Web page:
Habitat for Humanity early pioneer stepping down


By Jenna Cocullo, Local Journalism Initiative 

Melaney Austin has retired from her role at Habitat for Humanity after 12 years of helping families put their home into a house.

In 2006, a community group was formed in an attempt to launch a Chatham-Kent chapter of the non-profit housing organization.

Austin heard about their endeavour and decided to join as one of the main founding members two years later. Since then, she has maintained many positions, most notably the chair of the Family Selection Committee.

“One of our homeowners said, when we were doing the key turning ceremony, ‘You know my kids are getting older, but from now on, they will always know where home is, they will know where to come back to even if they leave to go to school or whatever their circumstances are, they’ll always know where home is.’ And that says a lot,” Austin said.

Melaney Austin

It’s reactions like those that drew her to join the organization. Her work on the committee included helping families with applications, a home-ownership education program, and helping them with the build process.

“There are times when someone doesn’t qualify for a home and usually what we do is work with them to refer them to other agencies like social housing. Sometimes people don’t qualify because they have debt. And so we would go through and help them figure out ‘how do you pay off that debt so that you may qualify in the future?’”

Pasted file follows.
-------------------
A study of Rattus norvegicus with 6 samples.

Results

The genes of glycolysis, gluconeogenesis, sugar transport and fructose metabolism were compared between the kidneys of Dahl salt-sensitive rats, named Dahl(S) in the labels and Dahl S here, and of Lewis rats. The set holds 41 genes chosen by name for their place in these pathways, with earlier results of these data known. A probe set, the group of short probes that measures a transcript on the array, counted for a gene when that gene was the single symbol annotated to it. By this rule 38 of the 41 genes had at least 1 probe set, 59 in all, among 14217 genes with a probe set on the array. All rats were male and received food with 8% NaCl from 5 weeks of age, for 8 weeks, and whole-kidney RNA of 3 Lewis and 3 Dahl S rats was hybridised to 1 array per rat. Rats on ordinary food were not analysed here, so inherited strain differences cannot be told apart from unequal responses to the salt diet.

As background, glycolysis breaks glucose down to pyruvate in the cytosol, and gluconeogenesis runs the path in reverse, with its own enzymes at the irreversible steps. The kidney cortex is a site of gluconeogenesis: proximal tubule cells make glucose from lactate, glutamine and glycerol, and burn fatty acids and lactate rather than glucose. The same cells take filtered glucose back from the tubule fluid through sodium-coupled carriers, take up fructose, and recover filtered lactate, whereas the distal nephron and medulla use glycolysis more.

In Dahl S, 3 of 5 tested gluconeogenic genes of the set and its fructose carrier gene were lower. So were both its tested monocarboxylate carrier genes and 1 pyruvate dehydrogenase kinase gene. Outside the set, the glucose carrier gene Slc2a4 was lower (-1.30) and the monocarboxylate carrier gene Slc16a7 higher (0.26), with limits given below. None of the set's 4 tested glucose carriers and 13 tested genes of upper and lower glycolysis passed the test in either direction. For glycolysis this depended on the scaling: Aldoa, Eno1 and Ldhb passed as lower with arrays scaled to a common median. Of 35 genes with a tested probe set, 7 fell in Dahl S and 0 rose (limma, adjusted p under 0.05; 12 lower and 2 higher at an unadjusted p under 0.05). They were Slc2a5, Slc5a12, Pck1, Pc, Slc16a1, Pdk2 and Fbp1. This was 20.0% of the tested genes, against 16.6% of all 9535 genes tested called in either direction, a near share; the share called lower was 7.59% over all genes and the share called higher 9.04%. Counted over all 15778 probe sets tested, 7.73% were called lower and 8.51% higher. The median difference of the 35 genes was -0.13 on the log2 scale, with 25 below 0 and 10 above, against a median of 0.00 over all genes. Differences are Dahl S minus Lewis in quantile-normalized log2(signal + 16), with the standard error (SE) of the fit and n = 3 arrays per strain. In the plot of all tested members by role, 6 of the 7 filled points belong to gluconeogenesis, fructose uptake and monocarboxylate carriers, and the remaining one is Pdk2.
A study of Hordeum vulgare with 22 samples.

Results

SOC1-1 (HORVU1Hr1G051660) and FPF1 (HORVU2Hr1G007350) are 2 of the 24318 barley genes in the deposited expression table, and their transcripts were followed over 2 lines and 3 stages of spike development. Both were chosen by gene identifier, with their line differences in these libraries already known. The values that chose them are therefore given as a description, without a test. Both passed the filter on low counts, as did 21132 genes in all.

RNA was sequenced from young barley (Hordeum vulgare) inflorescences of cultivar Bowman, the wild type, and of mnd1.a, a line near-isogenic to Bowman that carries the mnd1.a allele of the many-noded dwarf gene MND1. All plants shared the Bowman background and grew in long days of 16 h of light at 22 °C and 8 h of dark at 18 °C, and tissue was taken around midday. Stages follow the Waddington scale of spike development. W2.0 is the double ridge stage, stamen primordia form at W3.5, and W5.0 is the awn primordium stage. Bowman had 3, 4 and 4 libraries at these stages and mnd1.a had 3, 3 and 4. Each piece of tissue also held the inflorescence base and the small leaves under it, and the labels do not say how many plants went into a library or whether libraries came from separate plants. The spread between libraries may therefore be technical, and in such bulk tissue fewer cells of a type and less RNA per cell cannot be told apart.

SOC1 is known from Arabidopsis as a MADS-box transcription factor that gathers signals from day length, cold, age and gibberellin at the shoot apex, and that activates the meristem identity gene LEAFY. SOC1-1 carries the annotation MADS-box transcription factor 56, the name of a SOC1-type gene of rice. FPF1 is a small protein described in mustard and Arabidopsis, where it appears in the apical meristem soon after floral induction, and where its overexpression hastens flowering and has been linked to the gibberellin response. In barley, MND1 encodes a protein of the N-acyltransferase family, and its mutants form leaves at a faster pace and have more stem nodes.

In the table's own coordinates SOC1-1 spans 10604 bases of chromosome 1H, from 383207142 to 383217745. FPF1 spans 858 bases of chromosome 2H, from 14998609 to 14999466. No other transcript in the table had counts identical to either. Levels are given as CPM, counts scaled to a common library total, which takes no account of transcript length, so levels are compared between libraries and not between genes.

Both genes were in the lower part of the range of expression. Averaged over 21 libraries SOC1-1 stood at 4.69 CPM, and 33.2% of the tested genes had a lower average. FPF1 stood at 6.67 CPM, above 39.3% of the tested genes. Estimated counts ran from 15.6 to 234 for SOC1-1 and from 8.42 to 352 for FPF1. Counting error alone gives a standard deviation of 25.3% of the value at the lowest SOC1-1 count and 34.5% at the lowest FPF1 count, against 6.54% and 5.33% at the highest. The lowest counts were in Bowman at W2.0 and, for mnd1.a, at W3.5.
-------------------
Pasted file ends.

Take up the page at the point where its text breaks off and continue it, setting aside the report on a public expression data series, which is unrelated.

But some of the best moments are when families call in to tell Austin they snagged a regular mortgage and no longer require her assistance.

“That is a big thing for low income people to be able to save because they’re just trying to get through once-a-month kind of thing. Usually rent is high, utility costs are high and so it’s really hard to save that downpayment so it’s a big thing,” she said. “I’ve been doing this for 12 years I’ve thoroughly loved it I will always be a Habatitus, as we call it.”

Austin tends to remain in other work roles, but had to step down from Habitat due to other work obligations.

“I just couldn’t give it enough hours that I needed to in the last couple years I’ve been involved with a build, and it takes a lot of hours and I’m just not able to give that right at the moment.”

When Habitat first started, there were only 10 people sitting around a table in an office United Way volunteered. Now in Austin’s time there, there are staff members, and six homes have been built in Chatham-Kent to date.

This year would have brought the seventh home, however, due to the pandemic, plans were delayed. Austin is hoping that whomever carries the torch will continue picking up the momentum and start and average builds of 1.5 homes per year.

“I always like to tell the story of what happened in a northern community: A family, quite a large family actually, their house burned down and Habitat came in and they were working with them to build a new house. One of the workers asked the little girl what it was like not to have a home and she replied ‘Oh, I have a home. I just don’t have a house,’” Austin said.

“That’s pretty profound and that’s what we do.”

Anyone who wishes to be a board member can contact Habitat for Humanity Chatham at (519) 352-4440. Residents who would like to apply for a Habitat for Humanity home can visit https://habitatchatham-kent.ca/home-ownership to see if they qualify and to get an application.